New York City is probably the largest and most lucrative single consumer market but that didn’t keep Time-Warner from blowing a lot of customer satisfaction on Friday night by hosing the Movie On Demand (MOD) feature of their digital television service. In our case, after we had purchased a movie and watched forty-five minutes of it. Calling their customer service number gets you to the usual shallow menu of numbered options where any regarding service delivers you to a recording that there is an outage for, essentially, all of Manhattan and the Bronx above 42nd street and most of the East side. No explanation and no time frame for restoring service. Nice job.
Time-Warner, if they are looking far enough ahead, know that Movies on Demand is just one of the dishes on a menu of pay per view and on-demand services on top of the monthly service fees. Missed an episode of Buffy? Watch it when you want for $1. Can’t stay up for your mysteries on BBC America? Time shift it for a $1. Don’t subscribe to HBO but want to see the Sopranos or Sex in the City? Sure, for $4 it’s yours. Want to see all of last seasons episodes? No problem, $40 and you have a month to watch it. What ever was broadcast you can see it at your convenience. It sounds like the pre-dotbomb Qwest commercials. Instead of feeling nickled and dimed, people will pay. They’ll pay because it’s priced just about right for the entertainment they are getting and it’s most of the convenience of Tivo without buying another box- the personal video recorder (PVR)- or another monthly subscription. Best of all you don’t have to leave your couch.
What that cable operator’s utopia depends upon is:
It would seem, from this episode and from horror stories on popular boards like dslreports and Slashdot, that what the cable companies know about designing stable, highly available IP-based networks would fill a thimble. Without predictable reliable service available when and where the demand exists, they are not going to have happy customers. People want what amounts to “dialtone” from the cable company- it’s always there and you can assume it’s always there. There’s no technical or physical reason that the cable companies can’t repeat the Bells accomplishment except that doing it is costly and they either don’t value the new business enough to get it or are hoping that they can slowly grow into it, paying off the necessary investment as the market develops. That means they’ve already ditched three and four, so they’re going to have to make it on the first and second to prop up the last. And that is going to be a hard row to hoe.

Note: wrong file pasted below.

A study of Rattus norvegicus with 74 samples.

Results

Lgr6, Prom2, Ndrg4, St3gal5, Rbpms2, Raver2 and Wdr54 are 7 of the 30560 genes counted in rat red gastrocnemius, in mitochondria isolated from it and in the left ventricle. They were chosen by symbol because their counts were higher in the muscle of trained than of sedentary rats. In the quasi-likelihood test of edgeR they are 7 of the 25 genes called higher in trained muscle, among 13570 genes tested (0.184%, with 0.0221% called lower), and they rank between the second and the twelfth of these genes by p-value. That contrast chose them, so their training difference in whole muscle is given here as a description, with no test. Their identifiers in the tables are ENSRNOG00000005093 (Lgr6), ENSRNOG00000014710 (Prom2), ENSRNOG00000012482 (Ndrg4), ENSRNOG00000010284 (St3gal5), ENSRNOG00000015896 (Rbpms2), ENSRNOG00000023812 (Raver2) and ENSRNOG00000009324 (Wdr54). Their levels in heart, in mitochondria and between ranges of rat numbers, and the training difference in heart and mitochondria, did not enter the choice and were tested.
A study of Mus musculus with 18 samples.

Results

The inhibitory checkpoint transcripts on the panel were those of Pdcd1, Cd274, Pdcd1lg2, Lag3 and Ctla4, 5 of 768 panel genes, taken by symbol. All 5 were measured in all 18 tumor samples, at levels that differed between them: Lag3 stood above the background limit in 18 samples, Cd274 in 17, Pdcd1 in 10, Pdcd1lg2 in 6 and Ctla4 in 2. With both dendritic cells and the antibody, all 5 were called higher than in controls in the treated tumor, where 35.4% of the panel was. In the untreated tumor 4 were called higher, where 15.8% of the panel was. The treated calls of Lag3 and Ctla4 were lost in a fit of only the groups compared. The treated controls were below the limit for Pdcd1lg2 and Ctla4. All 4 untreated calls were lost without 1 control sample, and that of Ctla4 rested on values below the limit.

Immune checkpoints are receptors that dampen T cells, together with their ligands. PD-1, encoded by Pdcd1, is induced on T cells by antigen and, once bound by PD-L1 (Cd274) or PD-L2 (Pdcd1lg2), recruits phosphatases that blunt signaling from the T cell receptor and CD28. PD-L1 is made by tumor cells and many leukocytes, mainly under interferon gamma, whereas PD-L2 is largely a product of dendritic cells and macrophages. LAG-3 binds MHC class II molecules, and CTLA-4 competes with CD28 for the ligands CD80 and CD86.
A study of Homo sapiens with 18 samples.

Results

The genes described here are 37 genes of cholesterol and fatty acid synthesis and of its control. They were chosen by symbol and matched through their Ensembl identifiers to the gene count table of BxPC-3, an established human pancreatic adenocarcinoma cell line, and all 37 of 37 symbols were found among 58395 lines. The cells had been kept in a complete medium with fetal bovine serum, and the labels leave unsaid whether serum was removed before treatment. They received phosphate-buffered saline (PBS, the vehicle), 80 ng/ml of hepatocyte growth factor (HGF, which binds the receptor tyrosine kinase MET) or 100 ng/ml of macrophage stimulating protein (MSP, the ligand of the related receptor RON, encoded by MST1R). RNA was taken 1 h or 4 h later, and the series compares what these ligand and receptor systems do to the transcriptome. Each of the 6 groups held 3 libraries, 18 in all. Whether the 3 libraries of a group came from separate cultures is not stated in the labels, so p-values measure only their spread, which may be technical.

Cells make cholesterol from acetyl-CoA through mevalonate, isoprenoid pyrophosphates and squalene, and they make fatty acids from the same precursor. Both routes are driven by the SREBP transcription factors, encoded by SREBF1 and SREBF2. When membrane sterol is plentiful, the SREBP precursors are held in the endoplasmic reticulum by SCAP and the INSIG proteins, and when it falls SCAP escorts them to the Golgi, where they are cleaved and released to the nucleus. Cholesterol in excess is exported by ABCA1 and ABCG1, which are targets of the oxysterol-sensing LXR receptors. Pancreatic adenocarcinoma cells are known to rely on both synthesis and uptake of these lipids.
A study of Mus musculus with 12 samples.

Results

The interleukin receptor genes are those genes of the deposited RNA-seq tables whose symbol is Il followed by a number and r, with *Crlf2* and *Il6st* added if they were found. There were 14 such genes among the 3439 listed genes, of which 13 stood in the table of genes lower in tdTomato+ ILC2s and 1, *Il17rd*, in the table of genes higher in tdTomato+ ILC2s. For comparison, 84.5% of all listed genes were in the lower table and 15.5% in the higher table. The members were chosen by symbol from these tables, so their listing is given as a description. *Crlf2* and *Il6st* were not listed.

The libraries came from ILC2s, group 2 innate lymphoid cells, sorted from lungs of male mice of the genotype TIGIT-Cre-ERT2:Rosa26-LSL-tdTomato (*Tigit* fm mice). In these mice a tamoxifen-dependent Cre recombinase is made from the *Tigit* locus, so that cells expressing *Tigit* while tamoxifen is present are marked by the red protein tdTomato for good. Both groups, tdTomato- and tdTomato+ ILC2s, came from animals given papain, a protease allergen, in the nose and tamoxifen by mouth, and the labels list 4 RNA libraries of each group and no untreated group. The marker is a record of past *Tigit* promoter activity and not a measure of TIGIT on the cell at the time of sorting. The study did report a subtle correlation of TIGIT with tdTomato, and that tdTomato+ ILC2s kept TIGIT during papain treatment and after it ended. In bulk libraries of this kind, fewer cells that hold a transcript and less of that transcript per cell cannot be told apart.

Unfortunately, it looks like Time-Warner isn’t getting it. Their pricing is reasonable but not exactly cheap- $4/movie, about the same as a rental- but the value leaves something to be desired. The number of movies is limited. This is probably imposed by cost, namely storage of the MPEG2 files each of which are likely in the 500-1600MB range. I estimate this size because it is unlikely that the movies are encoded at a resolution greater than that supported by the lowest set-top decoder, 720×480 (maybe even down to 480×480) with 65k colors and from my viewing I suspect they use a frame rate of 15-20fps. Another problem with the value proposition is what is presented was mostly not worth seeing in their first or second runs. That makes an impulse buy over take-out on Friday night less likely. The static, somewhat longer than monthly holding of the choices turns people away when they go there looking for something new. This is little more than a reformulation of pay-per-view when people really want a PVR.